Back in the mid-1990s, in my book, The End of Victory Culture, I wrote the following about the adventure films of my childhood (and those of earlier decades):
"For the nonwhite, annihilation was built not just into the on-screen Hollywood spectacle but into its casting structures. Available to the Other were only four roles: the invisible, the evil, the dependent, and the expendable…. When the inhabitants of these borderlands emerged from their oases, ravines, huts, or tepees, they found that there was but one role in which a nonwhite (usually played by a white actor) was likely to come out on top, and that was the villain with his fanatical speeches and propensity for odd tortures. Only as a repository for evil could the nonwhite momentarily triumph. Whether an Indian chief, a Mexican bandit leader, or an Oriental despot, his pre-World War II essence was the same. Set against his shiny pate or silken voice, his hard eyes or false laugh, no white could look anything but good."
Having spent a recent evening in my local multiplex watching the latest superhero blockbuster, Iron Man, all I can say is: such traditions obviously die hard (even in the age of Barack Obama). The Afghans and assorted terrorists of the film, when not falling into that "invisible" category — as backdrops for the heroics or evil acts of the real actors — are out of central casting from a playbook of the 1930s filled with images of Fu Manchu or Ming the Merciless: Right down to that shiny bald pate, the silken voice, the hard eyes, and that propensity for "odd tortures."
It’s lucky, then, that, in the real world, the Bush administration has made the decision to expand our no-charges, no-recourse, no-courts, no-lawyers prison network in Afghanistan to hold such monsters. Give Eric Schmitt and Tim Golden of the New York Times credit for their recent front-page scoop: "The Pentagon is moving forward with plans to build a new, 40-acre detention complex on the main American military base in Afghanistan, officials said, in a stark acknowledgment that the United States is likely to continue to hold prisoners overseas for years to come… [the new prison will be] a more modern and humane detention center that would usually accommodate about 600 detainees–or as many as 1,100 in a surge–and cost more than $60 million." The real money quote in the piece, however, lay buried inside the fold. The reporters quote an anonymous Pentagon official speaking of the infamous older American prison at Bagram Air Base where some of those "odd tortures" have taken place: "It’s just not suitable. At some point, you have to say, ‘That’s it. This place was not made to keep people there indefinitely.’"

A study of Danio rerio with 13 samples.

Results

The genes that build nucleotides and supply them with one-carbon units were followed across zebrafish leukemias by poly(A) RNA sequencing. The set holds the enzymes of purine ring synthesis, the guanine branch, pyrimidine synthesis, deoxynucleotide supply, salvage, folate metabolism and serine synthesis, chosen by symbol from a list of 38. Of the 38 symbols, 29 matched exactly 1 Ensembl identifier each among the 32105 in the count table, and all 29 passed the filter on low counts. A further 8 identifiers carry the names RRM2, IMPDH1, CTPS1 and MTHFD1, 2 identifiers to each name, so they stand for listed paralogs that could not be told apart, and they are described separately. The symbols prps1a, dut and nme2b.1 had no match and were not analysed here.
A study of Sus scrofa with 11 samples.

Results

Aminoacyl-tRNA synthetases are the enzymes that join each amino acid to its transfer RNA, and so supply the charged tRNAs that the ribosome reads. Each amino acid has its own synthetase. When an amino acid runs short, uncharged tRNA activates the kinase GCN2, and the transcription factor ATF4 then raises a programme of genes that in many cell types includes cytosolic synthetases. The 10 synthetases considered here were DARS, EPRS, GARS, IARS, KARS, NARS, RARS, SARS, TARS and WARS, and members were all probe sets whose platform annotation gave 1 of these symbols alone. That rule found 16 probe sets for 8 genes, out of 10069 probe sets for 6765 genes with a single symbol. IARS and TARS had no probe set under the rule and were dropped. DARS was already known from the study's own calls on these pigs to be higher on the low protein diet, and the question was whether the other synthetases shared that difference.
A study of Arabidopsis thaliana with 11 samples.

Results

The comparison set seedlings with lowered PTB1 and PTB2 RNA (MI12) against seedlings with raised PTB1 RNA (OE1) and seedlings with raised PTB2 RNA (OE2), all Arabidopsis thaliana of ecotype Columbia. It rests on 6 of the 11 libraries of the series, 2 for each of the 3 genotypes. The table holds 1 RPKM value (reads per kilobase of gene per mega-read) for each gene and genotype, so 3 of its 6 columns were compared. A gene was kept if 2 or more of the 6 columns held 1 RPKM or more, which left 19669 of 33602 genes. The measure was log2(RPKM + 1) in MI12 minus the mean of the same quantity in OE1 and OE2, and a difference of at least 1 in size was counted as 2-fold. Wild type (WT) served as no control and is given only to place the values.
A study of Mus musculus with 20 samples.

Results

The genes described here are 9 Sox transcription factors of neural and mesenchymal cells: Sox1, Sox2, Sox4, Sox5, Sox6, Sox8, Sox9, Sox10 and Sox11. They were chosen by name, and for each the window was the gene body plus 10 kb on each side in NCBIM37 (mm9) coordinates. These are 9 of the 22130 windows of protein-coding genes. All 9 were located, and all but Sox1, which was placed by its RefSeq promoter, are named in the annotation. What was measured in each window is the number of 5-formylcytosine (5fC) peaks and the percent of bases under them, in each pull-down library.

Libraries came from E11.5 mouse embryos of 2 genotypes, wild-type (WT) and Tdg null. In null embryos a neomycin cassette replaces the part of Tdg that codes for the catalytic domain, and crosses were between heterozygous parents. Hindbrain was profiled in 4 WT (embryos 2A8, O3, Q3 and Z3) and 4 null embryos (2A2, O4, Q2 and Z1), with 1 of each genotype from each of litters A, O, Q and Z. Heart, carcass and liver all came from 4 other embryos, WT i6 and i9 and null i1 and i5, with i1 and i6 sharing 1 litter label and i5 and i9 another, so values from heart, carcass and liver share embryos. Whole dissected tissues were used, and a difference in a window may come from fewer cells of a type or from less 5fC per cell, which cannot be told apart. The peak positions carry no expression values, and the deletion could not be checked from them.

So, the new prison, then, is apparently for holding people "indefinitely." Lurking in that word, of course, is the logical thought that we’ll just have to stay in Afghanistan indefinitely, too. Otherwise, who’s going to do the necessary imprisoning? Perhaps it’s worth noting as well that, at this moment, the Pentagon is also expanding its major prison in Iraq, Camp Bucca, already stuffed with up to 20,000 prisoners, to hold another 10,000, assumedly in case a future prisoner "surge" comes along, and assumedly once again "indefinitely." In fact, when it comes to prisons, the Pentagon and its contractors are the busiest of beavers. After all, they’ve been expanding Guantanamo in Cuba, too, while Bush administration officials talk idly about shutting that prison down. Even kids aren’t immune. A recent report claims that the U.S. now holds at least 500 "juveniles," mainly in Iraq, but also in Afghanistan, and perhaps elsewhere as "imperative threats to security." (Guantanamo evidently now has no juveniles only because two prisoners have been held there long enough to grow into adulthood.)
These are expansive American facts on the ground in two occupied countries where, you might say (though you wouldn’t know it from Iron Man), imprisonment is our middle name and "odd tortures" what we’ve built our rep on. Of course, at a time when the U.S. is hemorrhaging real jobs, Americans have made quite a living from building and expanding prisons and prison populations at home, too.
Once upon a time, there was an all-American superhero who fought for "truth, justice, and the American way." But that’s passé today. As a nation, we’re not much into justice anymore; what we’re into is incarceration, punishment, and those "odd tortures." It’s increasingly our métier, our truth, the American way. So maybe Iron Man, an arms dealer by day, is, as Nick Turse, author of the superb exposé of the new Pentagon, The Complex, indicates his latest piece "Irony Man," exactly the right superhero to illuminate our American moment.